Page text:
Reader's Digest think of next? To induce people...


April 21, 1992

WHAT WILL Reader's Digest think of next? To induce people to enter its annual sweepstakes, the magazine is sending out letters from a vice president of the obscure bank in Minnesota to which it has transferred money to pay the winner.

"Even though we've never met," says the letter from Paul C. Forstrom, vice president for special accounts of Citizens State Bank in Clara City, Minn., "I may turn out to be one of the most important people in your life." Mr. Forstrom goes on to explain that Reader's Digest has deposited $167,000 in his bank, the first payment of the $5 million sweepstakes grand prize.

"Important, Reader's Digest has advised us that you have come through both stages -- selection of names and issuance of Entry Documents -- and that you will be guaranteed eligibility in the Third Stage Prize Selection for the . . . Grand Prize."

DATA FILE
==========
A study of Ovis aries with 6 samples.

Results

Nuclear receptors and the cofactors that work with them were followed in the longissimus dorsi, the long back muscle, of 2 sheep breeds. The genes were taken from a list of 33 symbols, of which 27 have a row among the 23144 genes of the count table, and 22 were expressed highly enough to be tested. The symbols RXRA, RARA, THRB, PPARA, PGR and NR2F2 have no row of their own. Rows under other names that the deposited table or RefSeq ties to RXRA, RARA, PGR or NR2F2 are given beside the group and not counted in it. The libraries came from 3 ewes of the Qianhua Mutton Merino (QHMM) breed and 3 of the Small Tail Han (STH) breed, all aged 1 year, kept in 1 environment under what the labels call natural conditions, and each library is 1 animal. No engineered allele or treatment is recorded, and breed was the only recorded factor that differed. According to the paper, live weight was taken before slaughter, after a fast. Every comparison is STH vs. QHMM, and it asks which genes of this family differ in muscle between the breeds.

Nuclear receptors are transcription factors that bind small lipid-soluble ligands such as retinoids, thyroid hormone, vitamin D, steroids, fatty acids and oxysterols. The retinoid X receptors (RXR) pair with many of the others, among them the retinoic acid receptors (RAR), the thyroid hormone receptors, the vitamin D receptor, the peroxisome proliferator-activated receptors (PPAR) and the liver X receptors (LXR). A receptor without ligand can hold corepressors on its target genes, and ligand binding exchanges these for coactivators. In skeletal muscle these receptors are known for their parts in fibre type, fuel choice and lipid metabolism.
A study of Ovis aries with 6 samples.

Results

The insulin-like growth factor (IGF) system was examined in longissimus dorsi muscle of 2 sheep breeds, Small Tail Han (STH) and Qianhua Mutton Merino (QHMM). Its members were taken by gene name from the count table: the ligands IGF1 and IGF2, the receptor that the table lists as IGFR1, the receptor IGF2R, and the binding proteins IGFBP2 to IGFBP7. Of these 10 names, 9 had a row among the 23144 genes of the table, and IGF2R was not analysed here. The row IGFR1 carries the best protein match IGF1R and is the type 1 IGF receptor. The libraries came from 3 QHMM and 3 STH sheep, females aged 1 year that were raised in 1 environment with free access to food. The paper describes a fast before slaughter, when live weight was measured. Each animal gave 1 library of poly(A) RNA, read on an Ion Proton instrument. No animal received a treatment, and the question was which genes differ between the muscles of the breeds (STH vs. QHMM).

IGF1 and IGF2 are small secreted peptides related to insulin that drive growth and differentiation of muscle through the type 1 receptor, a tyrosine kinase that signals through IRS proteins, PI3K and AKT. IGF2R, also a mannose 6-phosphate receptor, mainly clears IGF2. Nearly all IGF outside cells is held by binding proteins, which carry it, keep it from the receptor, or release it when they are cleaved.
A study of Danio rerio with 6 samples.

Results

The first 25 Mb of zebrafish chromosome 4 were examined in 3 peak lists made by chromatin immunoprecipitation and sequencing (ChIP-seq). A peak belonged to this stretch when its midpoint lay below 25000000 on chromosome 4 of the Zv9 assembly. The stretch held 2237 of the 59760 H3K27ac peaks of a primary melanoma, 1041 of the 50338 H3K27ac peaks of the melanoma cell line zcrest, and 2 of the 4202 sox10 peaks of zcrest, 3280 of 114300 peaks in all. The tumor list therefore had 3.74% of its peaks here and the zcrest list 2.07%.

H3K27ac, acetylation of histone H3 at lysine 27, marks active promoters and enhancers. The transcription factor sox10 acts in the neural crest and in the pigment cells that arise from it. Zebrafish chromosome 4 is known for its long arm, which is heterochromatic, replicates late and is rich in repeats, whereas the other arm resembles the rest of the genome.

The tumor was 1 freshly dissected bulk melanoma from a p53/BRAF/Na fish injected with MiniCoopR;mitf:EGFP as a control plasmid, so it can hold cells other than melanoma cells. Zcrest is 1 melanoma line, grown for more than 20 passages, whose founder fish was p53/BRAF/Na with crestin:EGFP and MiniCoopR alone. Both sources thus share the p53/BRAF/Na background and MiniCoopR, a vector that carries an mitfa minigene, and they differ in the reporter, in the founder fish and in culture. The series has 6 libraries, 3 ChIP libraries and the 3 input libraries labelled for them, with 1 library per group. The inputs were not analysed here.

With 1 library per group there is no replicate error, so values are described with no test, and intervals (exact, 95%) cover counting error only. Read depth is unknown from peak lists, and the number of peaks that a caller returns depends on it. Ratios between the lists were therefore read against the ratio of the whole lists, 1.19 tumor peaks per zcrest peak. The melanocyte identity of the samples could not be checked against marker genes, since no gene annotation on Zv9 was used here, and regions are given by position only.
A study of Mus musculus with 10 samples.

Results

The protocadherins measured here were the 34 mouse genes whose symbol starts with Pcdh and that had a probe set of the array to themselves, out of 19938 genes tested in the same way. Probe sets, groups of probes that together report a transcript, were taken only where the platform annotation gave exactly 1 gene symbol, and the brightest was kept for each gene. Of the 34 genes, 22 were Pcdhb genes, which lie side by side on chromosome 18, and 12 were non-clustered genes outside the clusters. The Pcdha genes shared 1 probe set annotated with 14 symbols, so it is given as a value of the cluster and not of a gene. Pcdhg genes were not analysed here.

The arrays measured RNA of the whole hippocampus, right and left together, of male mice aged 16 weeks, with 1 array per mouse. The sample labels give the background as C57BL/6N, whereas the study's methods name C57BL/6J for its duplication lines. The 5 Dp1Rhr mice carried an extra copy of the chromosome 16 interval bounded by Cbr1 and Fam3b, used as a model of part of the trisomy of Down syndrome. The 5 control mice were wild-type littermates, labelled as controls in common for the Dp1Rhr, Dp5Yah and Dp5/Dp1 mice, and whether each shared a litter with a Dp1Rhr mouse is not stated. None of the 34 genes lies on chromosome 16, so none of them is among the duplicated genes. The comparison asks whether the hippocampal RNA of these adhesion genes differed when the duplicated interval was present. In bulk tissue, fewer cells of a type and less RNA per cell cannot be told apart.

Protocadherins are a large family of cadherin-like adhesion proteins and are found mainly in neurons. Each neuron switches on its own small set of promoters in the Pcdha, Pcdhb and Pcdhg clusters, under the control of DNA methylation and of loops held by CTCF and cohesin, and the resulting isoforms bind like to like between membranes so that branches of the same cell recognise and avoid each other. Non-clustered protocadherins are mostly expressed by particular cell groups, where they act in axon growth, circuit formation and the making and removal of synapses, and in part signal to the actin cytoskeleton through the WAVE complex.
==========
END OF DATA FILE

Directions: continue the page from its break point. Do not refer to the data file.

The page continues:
The magazine also offers the services of its assistant treasurer and investment manager, C.E. Blank, to help the winner "define your investment objectives." After you win, the letter says, "please feel free to call Ms. Blank if you'd like to set up an appointment for a private consultation." Her business card is enclosed, as is Mr. Forstrom's.

There are two difficulties. The person receiving Mr. Forstrom's letter never entered the contest in the first place. The first two "stages" are apparently the magazine's use of mailing lists and the dispatch of sweepstakes inducements -- the "issuance of Entry Documents."

But most important, odds of winning the $5 million are there in small print at the bottom of the second page: one in 199,500,000.